Event: Irish whiskey at ISES UK
So, last night I was out at the summer party for the International Special Event Society UK Chapter (ISES) on the HMS President. If you thought you knew how to throw a party, wait until you meet these guys!
Imagine having all the people who make Glastonbury or any major event happen, from the stage designer/building crews, catering to band management. They all put a little bit of something toward the party and that was last night! Also, Visit Ireland was there to support the Riverdance themed evening and the team at Cooley distillery had helped me out with some great drams.
After a quick speedboat ride down the Thames and some super fresh oysters from the chaps at the aptly named Oyster Boys, I headed to the back of the boat to set up while Irish dancers pounded away to a standard Irish jig.
Following the dancing and AGM was a BBQ accompanied by music from up coming Irish band Harry & Alfie, then the whisky sampling started.
What we tasted:
Kilbeggan blended Irish whisky
Kilbeggan is Gaelic for 'little church' and is the oldest continually licensed distillery in the world. The distillery lay dormant for a number of years and wasn't until the Cooley distillers stepped in to save the Distillery (initially to use it's warehousing for storage of Tyrconnell and Connemara), that it started production again in 2007.
Since then the spirit has won numerous awards and is known for its light tropical sweet style. Realistically saving Kilbeggan wasn't just a financial win, this is marketing at it's best as it sits nicely in the brand portfolio allowing natural progression. From the lighter Kilbeggan, fuller Tyrconnell and up to a meaty Connemara, as I found out last night.
All are at ABV: 40%vol
Nose: The front is like fresh cut lilies, panda cola and orange citrus. Has a back of oily vanilla, new cardboard, rapsberry and toasty almond. A very simple, but powerful start.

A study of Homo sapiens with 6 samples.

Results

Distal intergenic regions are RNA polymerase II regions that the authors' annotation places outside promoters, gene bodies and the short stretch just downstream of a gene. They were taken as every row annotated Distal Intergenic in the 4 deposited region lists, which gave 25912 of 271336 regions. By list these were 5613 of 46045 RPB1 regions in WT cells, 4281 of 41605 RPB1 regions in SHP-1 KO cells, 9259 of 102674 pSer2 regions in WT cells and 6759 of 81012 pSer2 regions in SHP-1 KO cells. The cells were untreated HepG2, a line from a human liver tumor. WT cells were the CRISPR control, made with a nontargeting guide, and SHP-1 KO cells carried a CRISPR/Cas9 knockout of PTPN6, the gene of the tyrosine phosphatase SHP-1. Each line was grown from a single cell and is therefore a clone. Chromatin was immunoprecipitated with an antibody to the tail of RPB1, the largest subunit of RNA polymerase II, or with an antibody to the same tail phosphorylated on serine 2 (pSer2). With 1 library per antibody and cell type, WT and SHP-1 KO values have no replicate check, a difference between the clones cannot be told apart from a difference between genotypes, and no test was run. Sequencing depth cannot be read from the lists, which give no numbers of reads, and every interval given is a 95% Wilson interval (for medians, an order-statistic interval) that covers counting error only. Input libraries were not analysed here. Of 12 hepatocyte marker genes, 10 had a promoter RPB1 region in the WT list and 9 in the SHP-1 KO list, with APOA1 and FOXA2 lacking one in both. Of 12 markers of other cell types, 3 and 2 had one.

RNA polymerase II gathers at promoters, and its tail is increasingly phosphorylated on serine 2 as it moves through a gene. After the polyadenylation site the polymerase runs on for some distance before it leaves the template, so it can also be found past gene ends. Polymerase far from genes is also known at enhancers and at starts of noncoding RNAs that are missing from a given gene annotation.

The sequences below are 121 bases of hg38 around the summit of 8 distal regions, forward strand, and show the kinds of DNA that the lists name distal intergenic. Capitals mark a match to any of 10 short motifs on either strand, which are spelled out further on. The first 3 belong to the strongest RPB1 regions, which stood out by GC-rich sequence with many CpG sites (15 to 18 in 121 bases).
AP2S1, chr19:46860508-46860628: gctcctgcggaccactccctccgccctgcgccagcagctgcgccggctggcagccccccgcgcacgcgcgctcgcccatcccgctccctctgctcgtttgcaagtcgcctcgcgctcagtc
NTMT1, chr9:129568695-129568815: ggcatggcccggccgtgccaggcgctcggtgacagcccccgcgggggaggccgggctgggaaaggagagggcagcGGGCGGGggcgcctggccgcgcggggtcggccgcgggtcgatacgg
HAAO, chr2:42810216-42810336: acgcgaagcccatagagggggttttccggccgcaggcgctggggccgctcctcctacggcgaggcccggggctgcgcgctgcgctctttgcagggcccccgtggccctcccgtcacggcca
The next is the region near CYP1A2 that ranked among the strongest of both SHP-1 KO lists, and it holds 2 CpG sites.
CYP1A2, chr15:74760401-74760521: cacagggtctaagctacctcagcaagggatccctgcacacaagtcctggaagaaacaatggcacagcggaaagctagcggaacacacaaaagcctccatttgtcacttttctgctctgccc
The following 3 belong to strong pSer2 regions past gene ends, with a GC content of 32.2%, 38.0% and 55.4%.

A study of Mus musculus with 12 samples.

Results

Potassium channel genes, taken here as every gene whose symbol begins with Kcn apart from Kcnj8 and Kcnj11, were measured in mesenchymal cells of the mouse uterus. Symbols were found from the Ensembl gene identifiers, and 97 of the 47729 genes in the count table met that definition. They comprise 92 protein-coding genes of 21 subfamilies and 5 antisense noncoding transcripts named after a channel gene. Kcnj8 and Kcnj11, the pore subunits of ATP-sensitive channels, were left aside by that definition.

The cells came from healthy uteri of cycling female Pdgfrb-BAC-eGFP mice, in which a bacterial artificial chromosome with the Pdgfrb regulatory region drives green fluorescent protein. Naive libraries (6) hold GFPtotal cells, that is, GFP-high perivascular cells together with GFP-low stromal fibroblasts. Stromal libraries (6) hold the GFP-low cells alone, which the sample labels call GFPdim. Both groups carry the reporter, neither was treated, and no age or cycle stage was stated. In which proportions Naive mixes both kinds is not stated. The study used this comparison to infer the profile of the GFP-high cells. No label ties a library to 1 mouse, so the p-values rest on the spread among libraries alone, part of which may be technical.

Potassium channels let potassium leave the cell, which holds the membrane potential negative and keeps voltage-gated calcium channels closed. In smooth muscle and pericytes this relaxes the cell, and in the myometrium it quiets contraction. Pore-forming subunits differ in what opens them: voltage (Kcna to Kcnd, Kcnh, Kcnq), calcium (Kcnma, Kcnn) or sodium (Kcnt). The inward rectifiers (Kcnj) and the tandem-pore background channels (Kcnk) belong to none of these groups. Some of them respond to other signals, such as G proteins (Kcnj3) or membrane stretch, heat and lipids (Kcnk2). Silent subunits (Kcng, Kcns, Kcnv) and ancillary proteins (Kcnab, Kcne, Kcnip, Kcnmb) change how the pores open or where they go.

Palate: Slight peppery fizz chases the first sip down. Very warming. The front is soft and creamy, but has a slight bitterness to the back. Building to fresh toast and coffee bean, unsweetened coco powder and Lucozade original. Resonable length, but feels one dimentional.
A fresh clensing start to the evening.
Originally a product of the Watts distillery dating back to 1762. Tyrconnell was their flagship brand and was a best seller in the United States before Prohibition.
It was revived by Cooley Distillery in 1987 and is now the fastest growing Irish Single Malt in the market.
Nose: An instant hit of candied pecans is followed by Barr cream soda, brie & dolmadas, fresh cut grass and strawberry. Building into lemon & pineapple curd on a digestive biscuit, shaved white chocolate and ends sharply on vanilla tobacco smoke custard.
Palate: Citrus sweet with a mild thinness, tropical backbone although not sure 100% what it is giving. Nice liquorice tang on the sides of the tongue with vanilla seeds and spearmint following. Slight dryness which develops into used, dry, builders tea bags (or the powder in supermarket own brands). Echineaca, hibbiscus, honey and lemon zest hang into the finish which has a IPA malty long finish.
A easy step up in complexity, great lengh and a nice food whisky. Could see this with a good cheese or white chocolate desert.
Connemara is a double distilled peated Irish whiskey, commonly Irish whiskey is thought to always be triple distilled but isn't in this case. In comparison, Scotch is seen as being a product of double distillation, but some distillers also triple distill. Also this may be the only peated Irish whiskey at this point in time, so it's hard not to compare it to Scotch.
Nose: Burning peat comes in first, but switches to diesel and furniture wax. The nose then quickly returns back to a smouldering fire (possibly that of the furniture thats just been waxed) hiding Wrigley's spearmint gum, green banana's and Cadbury's chocolate buttons. Rhubarb compote, passion fruit, thick cream, oat cake and one of my all time top cheeses ever; Irish smoked Adrahan which proceeds to jump out of the glass and linger endlessly.
Palate: Imagine a front of slightly struck match followed by the taste of everything on the nose. Good length and would place it as a milder version of talisker or possibly an bourbon cask Ardmore.
A great range of whiskey and a thank you to the distillery for there help. Also, have to say a big thank you to the team at Up Beat Event Design for there help and invite to take part.